Forty-three inmates already in the program in Rochester will be allowed to stay out of prison seven nights a week, instead of the three to four nights now permitted.

Eventually, the state will expand the program statewide -- Orleans Correctional Facility in Albion is the work-release site in Western New York -- and allow 6,000 inmates to participate.

Because more inmates will be in the work-release program, the state will eliminate 58 security positions and 67 civilian jobs to save $695,000 this year and $13.5 million next year.

All told, the Correctional Services Department must eliminate 736 jobs this year to reduce its spending by $27.8 million. It is part of a $1 billion budget-cutting package proposed by Gov. Cuomo to balance the state budget.

The governor has asked the Legislature to approve more than $600 million in spending reductions, while he personally intends to cut $400 million through layoffs and other measures. The Legislature has not agreed to any of Cuomo's proposed the cuts, and a package may not be approved before Dec. 17, legislative sources said Thursday.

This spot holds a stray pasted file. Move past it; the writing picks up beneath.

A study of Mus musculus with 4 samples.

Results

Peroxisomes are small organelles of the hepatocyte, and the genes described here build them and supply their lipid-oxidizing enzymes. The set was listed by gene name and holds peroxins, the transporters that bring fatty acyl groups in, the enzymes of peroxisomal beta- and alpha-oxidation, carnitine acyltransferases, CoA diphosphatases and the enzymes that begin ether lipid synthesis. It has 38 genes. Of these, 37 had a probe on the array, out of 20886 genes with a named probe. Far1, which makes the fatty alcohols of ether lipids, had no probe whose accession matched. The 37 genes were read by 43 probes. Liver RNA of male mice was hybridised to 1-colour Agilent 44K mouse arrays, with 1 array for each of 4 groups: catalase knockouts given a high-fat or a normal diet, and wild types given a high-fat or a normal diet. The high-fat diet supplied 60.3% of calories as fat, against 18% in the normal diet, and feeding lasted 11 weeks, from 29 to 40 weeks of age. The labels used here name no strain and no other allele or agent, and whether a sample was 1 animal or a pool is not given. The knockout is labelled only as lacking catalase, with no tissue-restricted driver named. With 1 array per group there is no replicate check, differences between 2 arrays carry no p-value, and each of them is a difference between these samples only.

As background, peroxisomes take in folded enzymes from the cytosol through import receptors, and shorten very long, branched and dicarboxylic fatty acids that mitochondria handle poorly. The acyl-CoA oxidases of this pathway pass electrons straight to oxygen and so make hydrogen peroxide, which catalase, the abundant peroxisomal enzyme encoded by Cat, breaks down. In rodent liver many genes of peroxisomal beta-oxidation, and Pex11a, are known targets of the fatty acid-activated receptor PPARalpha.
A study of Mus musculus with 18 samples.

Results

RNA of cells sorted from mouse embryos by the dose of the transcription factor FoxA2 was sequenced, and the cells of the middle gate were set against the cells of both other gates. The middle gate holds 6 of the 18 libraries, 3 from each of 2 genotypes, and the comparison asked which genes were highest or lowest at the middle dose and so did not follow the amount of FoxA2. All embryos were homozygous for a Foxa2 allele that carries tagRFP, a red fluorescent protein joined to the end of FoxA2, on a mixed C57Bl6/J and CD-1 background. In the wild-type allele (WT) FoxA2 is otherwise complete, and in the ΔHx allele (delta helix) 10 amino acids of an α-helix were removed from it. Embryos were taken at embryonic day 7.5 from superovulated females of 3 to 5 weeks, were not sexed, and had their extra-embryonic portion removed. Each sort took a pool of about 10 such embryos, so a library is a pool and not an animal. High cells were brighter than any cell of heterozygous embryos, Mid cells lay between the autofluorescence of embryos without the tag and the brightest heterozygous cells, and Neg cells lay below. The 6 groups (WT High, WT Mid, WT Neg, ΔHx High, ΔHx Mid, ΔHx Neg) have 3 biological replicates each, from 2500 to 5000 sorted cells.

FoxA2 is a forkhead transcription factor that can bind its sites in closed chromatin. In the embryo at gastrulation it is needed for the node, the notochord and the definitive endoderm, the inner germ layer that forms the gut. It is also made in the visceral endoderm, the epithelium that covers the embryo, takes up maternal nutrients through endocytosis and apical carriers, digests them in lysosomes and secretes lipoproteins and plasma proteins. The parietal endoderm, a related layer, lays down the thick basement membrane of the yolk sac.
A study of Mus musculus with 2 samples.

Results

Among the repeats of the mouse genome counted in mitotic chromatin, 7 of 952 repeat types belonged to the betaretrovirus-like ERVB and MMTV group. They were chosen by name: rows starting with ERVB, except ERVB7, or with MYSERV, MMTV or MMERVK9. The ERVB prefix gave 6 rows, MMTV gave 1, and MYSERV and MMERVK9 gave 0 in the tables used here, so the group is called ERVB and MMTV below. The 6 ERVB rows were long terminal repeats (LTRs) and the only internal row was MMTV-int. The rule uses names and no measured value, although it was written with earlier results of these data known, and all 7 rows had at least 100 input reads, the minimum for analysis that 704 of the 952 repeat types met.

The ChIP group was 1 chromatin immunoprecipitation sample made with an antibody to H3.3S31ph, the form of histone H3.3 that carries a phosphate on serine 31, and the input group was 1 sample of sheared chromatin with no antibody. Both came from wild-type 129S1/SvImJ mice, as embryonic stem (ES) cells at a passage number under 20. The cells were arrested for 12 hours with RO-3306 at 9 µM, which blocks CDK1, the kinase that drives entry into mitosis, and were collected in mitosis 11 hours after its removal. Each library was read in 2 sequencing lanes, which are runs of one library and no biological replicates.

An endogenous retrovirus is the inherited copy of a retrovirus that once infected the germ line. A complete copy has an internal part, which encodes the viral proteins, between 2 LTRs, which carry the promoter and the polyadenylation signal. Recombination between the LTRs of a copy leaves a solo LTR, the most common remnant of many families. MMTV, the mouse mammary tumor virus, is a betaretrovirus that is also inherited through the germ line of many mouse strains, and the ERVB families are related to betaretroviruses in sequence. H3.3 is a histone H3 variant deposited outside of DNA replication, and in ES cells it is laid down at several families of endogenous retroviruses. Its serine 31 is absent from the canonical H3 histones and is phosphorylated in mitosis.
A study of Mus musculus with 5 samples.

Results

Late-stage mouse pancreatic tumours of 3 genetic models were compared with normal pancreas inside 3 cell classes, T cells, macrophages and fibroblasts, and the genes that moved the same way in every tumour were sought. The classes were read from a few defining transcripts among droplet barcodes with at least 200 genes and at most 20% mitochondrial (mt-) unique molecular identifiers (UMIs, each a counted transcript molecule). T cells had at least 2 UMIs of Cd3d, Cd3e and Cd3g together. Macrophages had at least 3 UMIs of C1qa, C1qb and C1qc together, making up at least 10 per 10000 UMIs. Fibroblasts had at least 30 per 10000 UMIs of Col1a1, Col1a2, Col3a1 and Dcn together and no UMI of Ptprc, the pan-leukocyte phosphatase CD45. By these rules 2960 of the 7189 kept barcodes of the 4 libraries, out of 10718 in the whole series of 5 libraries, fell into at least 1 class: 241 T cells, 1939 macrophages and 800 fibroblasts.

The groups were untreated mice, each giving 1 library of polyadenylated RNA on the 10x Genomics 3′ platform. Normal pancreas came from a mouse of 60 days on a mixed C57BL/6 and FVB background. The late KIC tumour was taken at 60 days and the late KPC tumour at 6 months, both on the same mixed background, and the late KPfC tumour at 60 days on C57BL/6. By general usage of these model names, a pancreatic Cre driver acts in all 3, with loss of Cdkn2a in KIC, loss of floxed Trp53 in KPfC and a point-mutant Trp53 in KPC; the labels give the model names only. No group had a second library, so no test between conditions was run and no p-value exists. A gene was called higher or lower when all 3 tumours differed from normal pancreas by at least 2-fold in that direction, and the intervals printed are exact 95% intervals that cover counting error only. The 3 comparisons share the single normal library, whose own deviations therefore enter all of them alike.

The budget negotiations got more complicated Thursday after the board of trustees of the City University of New York called for an annual tuition increase of $200. The proposal is expected to help the State University of New York win a $150 increase next semester, according to SUNY sources who asked not to be identified.

Cuomo said he wants to meet with SUNY officials to discuss a tuition increase, an idea he rejected two years ago.

A top aide to the governor also closed the door Thursday on what appeared to be a concession by Cuomo to the state's public employee unions. Cuomo had suggested Wednesday that a delay in the state's payroll could replace his proposal to furlough most state workers.

But Thursday, Elizabeth Moore, the state's chief labor negotiator, said no such proposal was being considered and the furlough remains Cuomo's plan for saving $135 million.

Negotiators for the state's largest public employee unions said they are willing to discuss the payroll lag.

The governor can make the changes in the work-release program and other significant modifications in the state's prison system without the Legislature's approval, aides said. The Legislature is being asked to approve only an early-release program for about 1,000 inmates with acquired immune deficiency syndrome or other terminal illnesses.

But State Sen. Dale Volker, R-Depew, says Cuomo should consult the Legislature before making major changes in the prisons. He also claimed the governor is using the budget crisis to impose major policy changes on the system.